His results are extraordinary, but what is even more astonishing is the parallel lives that many of them lead.
Eliza Griswold, a Senior fellow at the New America Foundation, is the author of the New York Times bestseller The Tenth parallel.
Her book, The Tenth parallel: Dispatches from the Fault Line Between Islam and Christianity comes out this month from FSG.
The U.S. and India have always said their interests are parallel.
Tomorrow night, when President Obama unveils his Afghanistan strategy to the nation, these parallel debates will collide.
The history of the human mind—offers no parallel to his career.
There is no parallel in history to the humiliation they have patiently borne.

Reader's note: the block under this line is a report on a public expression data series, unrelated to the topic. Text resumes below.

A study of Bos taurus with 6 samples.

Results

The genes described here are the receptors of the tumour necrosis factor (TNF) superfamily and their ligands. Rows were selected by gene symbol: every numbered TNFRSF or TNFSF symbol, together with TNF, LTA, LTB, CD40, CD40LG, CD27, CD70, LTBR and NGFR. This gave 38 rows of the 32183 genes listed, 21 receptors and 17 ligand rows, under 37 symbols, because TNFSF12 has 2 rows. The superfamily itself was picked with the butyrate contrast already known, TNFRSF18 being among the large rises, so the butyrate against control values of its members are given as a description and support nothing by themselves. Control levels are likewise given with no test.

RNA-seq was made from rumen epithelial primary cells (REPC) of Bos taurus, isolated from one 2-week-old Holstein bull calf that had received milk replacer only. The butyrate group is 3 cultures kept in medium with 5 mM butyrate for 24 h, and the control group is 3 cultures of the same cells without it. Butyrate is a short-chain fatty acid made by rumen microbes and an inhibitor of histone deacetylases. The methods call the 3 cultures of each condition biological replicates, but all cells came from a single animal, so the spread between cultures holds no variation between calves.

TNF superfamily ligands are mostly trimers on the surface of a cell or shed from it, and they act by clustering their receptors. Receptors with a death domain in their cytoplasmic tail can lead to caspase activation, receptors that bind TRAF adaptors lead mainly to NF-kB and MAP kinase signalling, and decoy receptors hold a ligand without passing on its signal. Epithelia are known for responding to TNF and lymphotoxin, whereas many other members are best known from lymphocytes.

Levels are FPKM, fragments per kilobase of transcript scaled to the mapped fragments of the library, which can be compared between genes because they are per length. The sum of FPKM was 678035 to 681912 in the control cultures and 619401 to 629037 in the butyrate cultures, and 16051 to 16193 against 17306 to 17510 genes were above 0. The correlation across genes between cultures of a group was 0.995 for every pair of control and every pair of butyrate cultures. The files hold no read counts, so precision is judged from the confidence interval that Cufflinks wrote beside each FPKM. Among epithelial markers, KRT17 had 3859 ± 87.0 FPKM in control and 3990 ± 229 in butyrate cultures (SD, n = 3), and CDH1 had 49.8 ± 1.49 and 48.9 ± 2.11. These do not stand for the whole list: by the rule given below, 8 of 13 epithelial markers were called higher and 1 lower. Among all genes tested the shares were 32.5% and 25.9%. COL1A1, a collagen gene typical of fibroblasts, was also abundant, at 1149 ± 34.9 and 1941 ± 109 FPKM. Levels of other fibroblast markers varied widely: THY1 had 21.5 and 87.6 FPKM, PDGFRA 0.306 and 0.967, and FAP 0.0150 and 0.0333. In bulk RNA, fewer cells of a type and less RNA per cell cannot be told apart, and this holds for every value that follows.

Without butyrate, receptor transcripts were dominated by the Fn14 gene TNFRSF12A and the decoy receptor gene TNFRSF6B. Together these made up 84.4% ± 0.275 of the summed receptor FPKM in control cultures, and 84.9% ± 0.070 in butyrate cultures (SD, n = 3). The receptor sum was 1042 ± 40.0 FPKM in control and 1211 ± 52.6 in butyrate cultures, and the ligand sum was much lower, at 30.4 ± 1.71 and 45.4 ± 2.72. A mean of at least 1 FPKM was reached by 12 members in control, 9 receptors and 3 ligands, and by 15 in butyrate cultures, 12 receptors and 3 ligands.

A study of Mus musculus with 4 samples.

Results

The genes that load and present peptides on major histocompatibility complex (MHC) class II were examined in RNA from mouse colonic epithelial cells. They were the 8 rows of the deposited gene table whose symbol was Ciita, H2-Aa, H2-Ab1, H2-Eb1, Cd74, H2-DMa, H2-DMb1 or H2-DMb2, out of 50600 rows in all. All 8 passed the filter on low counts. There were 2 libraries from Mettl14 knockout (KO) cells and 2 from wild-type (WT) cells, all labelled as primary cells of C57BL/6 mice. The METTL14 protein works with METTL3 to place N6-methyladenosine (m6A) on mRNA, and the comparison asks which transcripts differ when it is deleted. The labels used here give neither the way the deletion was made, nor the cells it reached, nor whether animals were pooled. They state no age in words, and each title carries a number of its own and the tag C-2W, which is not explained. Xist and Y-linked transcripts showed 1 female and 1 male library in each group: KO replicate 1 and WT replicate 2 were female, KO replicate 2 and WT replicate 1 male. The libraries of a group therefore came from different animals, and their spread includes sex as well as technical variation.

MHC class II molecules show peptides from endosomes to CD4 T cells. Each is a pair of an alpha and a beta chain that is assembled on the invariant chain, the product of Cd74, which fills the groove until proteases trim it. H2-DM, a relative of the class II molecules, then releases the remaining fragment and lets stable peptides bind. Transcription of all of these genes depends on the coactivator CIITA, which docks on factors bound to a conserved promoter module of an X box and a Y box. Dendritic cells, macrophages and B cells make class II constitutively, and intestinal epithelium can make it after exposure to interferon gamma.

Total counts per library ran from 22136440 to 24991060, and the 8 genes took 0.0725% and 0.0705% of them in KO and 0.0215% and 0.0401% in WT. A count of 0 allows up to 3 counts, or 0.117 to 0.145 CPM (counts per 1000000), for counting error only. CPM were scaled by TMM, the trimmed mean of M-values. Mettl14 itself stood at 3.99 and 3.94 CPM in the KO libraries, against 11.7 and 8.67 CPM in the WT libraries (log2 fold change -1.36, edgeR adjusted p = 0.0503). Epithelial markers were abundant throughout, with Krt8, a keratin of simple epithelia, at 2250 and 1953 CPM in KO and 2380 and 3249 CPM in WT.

To the front beyond the nipa houses and their palm-fringed gardens, lay unseen the parallel, intrenched lines of the Insurgents.
Surely, so far, the things for which both he and I were chosen were parallel.
Should we chance to meet in society, we would be two parallel lines, never uniting, however near we might approach.
1540s, from Middle French parallèle (16c.) and directly from Latin parallelus, from Greek parallelos "parallel," from para allelois "beside one another," from para- "beside" (see para- (1)) + allelois "each other," from allos "other" (see alias). As a noun from 1550s. Parallel bars as gymnastics apparatus are recorded from 1868.
1590s, from parallel (n.).
Adjective Of or relating to lines or surfaces that are separated everywhere from each other by the same distance.
Noun Any of the imaginary lines encircling the Earth's surface parallel to the plane of the equator, used to represent degrees of latitude. See illustration at longitude.